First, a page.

Also referred to as standard or forward flow, or in globe valves, flow under the seat. Think about when you've controlled the flow of water from a garden hose with your thumb. Your thumb acts like the face of the plug in a globe valve - flow is pushing against your thumb to open a flow path for the water.
Also referred to as reverse flow or in globe valves, flow over the seat. Consider a drain plug in a bathtub. The flow direction is against the back or top of the plug (rather than the face) creating a tendency of the plug to close into the drain.
The following drawings illustrate flow direction for the two basic valve designs:
Many variables determine which flow direction is appropriate for an application. The style of valve trim, valve (rotary or linear), and the design of the valve all determine flow direction.
Most general service applications are flow to open unless there's a reason to go to flow to close. In rotary valves without a retained seat design, having the flow direction towards the face of the plug assists the seat in sealing against the plug, resulting in tighter shutoff. In globe valves anti-cavitation and low noise trim could be either under or over the seat. Flow to open is generally best for control in low flow applications.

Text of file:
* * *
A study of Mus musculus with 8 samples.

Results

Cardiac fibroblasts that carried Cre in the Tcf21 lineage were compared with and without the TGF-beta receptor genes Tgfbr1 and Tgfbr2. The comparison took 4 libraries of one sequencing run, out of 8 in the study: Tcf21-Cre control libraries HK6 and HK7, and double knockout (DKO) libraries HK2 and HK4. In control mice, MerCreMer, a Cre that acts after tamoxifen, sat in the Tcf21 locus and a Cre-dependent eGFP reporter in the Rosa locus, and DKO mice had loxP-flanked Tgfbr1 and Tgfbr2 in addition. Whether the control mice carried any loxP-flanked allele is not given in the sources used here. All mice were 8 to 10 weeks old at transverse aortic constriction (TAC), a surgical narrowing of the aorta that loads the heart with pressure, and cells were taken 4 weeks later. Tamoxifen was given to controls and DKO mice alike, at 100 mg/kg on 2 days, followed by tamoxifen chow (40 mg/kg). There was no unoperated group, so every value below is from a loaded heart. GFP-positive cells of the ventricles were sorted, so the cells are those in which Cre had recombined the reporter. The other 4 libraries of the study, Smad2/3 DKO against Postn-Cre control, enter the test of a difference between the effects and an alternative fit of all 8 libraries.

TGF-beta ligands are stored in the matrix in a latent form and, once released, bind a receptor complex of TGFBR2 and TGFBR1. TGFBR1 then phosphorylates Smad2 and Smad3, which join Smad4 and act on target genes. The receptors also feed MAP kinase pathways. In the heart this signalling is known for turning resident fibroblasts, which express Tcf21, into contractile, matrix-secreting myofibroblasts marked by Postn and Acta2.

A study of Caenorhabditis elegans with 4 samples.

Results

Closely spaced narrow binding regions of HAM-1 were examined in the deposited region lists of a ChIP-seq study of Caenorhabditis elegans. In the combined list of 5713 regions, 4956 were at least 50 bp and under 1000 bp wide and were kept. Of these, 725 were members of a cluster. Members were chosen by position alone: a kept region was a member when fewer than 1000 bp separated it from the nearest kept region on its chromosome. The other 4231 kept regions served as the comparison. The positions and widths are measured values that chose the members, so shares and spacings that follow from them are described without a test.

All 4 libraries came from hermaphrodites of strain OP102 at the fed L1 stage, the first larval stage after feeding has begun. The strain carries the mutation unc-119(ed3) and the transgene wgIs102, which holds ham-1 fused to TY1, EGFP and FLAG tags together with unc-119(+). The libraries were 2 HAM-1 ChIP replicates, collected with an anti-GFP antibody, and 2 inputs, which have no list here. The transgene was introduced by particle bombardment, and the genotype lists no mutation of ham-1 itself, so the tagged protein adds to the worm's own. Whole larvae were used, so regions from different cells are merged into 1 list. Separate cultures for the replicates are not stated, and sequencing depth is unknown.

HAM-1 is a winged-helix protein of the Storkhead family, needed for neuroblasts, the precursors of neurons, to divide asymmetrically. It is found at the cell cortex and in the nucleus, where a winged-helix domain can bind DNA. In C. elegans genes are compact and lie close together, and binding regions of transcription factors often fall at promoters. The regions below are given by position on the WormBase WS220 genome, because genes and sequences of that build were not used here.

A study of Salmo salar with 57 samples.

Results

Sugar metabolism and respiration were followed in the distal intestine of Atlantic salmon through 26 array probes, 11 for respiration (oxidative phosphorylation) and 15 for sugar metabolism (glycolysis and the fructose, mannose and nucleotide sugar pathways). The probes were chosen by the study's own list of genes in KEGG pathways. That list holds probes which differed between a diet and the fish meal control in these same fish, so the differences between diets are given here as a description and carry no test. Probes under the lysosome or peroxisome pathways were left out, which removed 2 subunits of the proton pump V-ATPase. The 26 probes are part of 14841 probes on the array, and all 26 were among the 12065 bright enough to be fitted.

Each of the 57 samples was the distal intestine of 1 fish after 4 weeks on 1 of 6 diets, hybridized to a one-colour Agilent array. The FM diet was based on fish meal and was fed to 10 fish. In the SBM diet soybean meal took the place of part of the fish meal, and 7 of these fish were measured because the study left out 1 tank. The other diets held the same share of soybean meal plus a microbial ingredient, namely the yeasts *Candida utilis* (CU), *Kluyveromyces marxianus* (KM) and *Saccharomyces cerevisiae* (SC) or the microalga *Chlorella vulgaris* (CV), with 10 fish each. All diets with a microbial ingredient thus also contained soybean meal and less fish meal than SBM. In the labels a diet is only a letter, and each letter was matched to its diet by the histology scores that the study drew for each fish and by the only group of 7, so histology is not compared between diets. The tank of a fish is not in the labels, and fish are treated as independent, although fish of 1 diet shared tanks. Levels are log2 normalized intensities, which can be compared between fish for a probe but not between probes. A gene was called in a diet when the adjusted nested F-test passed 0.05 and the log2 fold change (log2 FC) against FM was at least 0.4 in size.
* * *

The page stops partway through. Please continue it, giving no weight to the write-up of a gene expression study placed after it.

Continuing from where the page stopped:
When anti-cavitation trim is required in a rotary valve, flow to close is used so the flow can be diffused rather than flowing into the face of the plug. Balanced trim in a general service globe valve is typically flow to closed. This is normally used in high pressure and/or throttling applications to stabilize the stem. A potential disadvantage of flow to close is reduced flow capacity.
Below is an exception to a classic style flow to open globe valve. The flow direction is NOT against the face of the plug, but behind the plug. This is not flow to close since the plug is located beneath the seat ring. Flow direction is still considered ‘under the seat’ which is causing the plug to open.
What's often confused is that flow to open and flow to close are independent of fail open (air to close) and fail close (air to open) on an air-to-spring diaphragm actuator. The actuator set up will determine whether the spring set will open or close the valve upon removal of air supply. This discussion merely involves flow direction through the valve in relation to the valve plug.